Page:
Wednesday, July 15, 2015

The 'Franchise Four' failure

When the "Franchise Four" fan vote was announced this spring, I figured the results would suffer from what I call "ESPN Syndrome" -- the belief, fostered by the Worldwide Leader, that nothing in sports history counts unless it's on video.

And so it basically proved. The Giants list, for example, was entirely players from the San Francisco era, ignoring the likes of Christy Mathewson and Mel Ott in favor of Buster Posey, a fine player but necessarily lacking the long-term stature of Master Melvin and Big Six. Neither the Athletics nor the White Sox claimed Eddie Collins, but the Sox list included Harold Baines and Paul Konerko.

I've grown to expect such historical ignorance, but I decline to accept it.

The eight-man Twins ballot featured seven players from the Minnesota years. Only Walter Johnson from the long-ago Washington Senators era was on the ballot. Fellow Hall of Famers Goose Goslin, Joe Cronin and Sam Rice were excluded. And when the results were announced, the winning four were Harmon Killebrew, Kirby Puckett, Rod Carew and Tony Oliva.

Nothing against Oliva, but Johnson was by any measure the greater player, with a good case as the greatest pitcher ever.

Of course, the Twins have spent decades pretending that the Washington era never happened. When they talk about the team's career leaders, they talk about the Twins career leaders.

But Johnson deserves to be attached to somebody's history. Four hundred seventeen career wins. One hundred ten shutouts. A career ERA of 2.17 (in 5,917 innings). Twelve times the league leader in strikeouts. On and on.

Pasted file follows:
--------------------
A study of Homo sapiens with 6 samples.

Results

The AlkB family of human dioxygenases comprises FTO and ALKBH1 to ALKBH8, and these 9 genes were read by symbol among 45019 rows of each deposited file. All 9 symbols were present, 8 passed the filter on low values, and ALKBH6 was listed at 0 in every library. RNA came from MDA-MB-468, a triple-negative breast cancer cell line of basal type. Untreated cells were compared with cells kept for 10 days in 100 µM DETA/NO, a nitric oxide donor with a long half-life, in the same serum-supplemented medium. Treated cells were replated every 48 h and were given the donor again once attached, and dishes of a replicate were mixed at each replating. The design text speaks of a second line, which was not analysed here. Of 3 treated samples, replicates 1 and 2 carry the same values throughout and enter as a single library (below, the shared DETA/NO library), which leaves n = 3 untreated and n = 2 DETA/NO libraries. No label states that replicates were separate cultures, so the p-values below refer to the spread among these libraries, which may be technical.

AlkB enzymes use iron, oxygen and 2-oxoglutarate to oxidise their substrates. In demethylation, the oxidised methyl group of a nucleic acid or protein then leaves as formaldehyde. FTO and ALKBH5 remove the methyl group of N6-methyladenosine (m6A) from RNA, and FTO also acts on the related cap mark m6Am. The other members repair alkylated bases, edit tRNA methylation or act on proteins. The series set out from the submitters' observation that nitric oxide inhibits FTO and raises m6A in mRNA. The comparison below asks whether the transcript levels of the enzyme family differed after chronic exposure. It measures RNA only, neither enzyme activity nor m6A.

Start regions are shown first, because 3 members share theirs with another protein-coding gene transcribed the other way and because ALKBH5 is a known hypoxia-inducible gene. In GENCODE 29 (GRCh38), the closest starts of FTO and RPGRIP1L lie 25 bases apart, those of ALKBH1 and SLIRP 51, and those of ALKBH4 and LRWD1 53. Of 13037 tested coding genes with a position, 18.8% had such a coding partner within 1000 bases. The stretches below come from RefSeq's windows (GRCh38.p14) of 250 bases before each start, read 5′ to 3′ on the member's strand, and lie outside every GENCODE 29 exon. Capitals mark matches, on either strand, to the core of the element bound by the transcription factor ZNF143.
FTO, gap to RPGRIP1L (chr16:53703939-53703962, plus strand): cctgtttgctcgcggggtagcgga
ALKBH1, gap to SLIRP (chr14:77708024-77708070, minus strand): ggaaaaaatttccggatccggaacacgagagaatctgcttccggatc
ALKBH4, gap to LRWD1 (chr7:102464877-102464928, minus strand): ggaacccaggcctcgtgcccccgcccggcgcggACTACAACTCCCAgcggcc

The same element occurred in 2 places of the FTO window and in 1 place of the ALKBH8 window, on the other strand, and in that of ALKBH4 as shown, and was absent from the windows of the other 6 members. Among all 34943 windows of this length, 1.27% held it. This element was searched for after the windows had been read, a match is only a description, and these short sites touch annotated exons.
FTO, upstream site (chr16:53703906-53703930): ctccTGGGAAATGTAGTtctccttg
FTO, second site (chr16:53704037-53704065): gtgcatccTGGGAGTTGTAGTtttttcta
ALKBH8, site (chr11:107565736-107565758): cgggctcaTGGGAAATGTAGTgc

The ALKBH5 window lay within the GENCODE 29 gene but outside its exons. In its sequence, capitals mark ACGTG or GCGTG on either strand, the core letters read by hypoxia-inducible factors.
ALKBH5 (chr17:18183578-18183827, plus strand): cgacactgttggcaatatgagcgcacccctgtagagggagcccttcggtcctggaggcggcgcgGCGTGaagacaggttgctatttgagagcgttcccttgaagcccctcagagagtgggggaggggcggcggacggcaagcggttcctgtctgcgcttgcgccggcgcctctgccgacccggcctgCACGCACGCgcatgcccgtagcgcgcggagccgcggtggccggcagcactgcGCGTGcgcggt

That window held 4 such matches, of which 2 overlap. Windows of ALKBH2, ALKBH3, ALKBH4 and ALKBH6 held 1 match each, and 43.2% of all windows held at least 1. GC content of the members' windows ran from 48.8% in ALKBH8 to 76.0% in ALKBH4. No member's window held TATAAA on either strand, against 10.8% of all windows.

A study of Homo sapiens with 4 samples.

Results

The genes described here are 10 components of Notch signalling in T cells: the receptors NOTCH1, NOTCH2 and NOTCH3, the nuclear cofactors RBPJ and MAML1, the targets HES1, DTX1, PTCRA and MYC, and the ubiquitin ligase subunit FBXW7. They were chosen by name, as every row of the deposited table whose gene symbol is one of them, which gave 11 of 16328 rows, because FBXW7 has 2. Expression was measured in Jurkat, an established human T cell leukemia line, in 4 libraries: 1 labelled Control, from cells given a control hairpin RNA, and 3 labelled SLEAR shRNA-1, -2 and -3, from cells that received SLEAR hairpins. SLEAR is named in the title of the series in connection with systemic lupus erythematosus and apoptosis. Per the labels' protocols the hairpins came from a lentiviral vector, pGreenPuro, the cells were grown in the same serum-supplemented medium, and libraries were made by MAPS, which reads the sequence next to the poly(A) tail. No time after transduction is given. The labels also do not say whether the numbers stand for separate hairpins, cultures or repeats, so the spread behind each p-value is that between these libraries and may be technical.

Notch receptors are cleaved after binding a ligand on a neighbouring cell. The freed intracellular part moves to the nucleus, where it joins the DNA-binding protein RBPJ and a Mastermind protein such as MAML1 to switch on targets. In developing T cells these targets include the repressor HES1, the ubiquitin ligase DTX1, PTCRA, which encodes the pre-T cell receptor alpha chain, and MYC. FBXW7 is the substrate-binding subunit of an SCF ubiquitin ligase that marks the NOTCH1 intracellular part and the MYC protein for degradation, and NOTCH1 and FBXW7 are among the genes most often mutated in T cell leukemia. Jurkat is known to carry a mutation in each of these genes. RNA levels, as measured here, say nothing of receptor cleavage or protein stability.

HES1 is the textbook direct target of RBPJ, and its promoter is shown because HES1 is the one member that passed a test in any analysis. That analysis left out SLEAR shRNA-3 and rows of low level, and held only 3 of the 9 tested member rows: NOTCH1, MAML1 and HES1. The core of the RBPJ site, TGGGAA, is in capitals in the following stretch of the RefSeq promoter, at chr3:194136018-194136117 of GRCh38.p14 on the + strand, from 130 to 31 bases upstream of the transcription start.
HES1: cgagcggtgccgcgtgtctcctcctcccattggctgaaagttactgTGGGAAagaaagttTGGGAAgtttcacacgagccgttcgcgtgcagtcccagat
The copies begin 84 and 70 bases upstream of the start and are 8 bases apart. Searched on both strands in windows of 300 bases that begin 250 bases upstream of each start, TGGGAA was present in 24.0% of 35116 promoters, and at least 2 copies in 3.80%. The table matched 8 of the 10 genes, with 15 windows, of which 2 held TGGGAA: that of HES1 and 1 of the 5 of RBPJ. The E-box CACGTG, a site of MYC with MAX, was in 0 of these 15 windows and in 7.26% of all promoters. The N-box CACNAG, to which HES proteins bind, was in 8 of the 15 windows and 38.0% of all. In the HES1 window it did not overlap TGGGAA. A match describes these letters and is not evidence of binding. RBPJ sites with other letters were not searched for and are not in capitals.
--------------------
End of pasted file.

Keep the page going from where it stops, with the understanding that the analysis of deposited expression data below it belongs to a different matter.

He didn't pitch in Minnesota, but the Twins should still embrace him as part of their history.


  1. Strong point in your favor though I assumed the record belonged with the city and not the franchise after it relocated.

    I guess the answer is both.

    Unfortunately, the arbitrary "four" is not enough.

  2. I just looked at the link to Walter Johnson's Baseball Reference page and 1913 caught my eye. I realize it was an entirely different era, but the guy had a WHIP of 0.780, 243 strikeouts, 38 walks and a 1.14 ERA ... how in the heck did he lose seven games? It's always bugged me that the Twins don't celebrate their former Senators as their own.

  3. Here's another fun one from Baseball Reference. Franchise WAR leaders: Johnson #1 by more than 100! 165 to 63 (Carew). I'm not sure how comparable WAR is between eras and also pitchers vs. position players, but in any case that's a big difference from #1 to #2.

    Of course current management ignores all this. I'd love to have a throwback Johnson jersey.

    I think part of the problem is because they don't own the rights to the Senators name.

  4. I think it is because we all think in the present.

    The Twins were ours, the Senators were not
    I do not think there is any management conspiracy.

  5. They're missing marketing opportunities. The 100th anniversary of the first franchise World Series victory is approaching.

    (The 100th anniversary of Walter Johnson is already past. The game that day was cancelled because of the bridge collapse.)

  6. While I appreciate the baseball history, I don't view the Senators as being the Twins in an early incarnation. A new city and a new name, that's a new team to me. (Heck, even just a change of management can make a team seem like a new team.)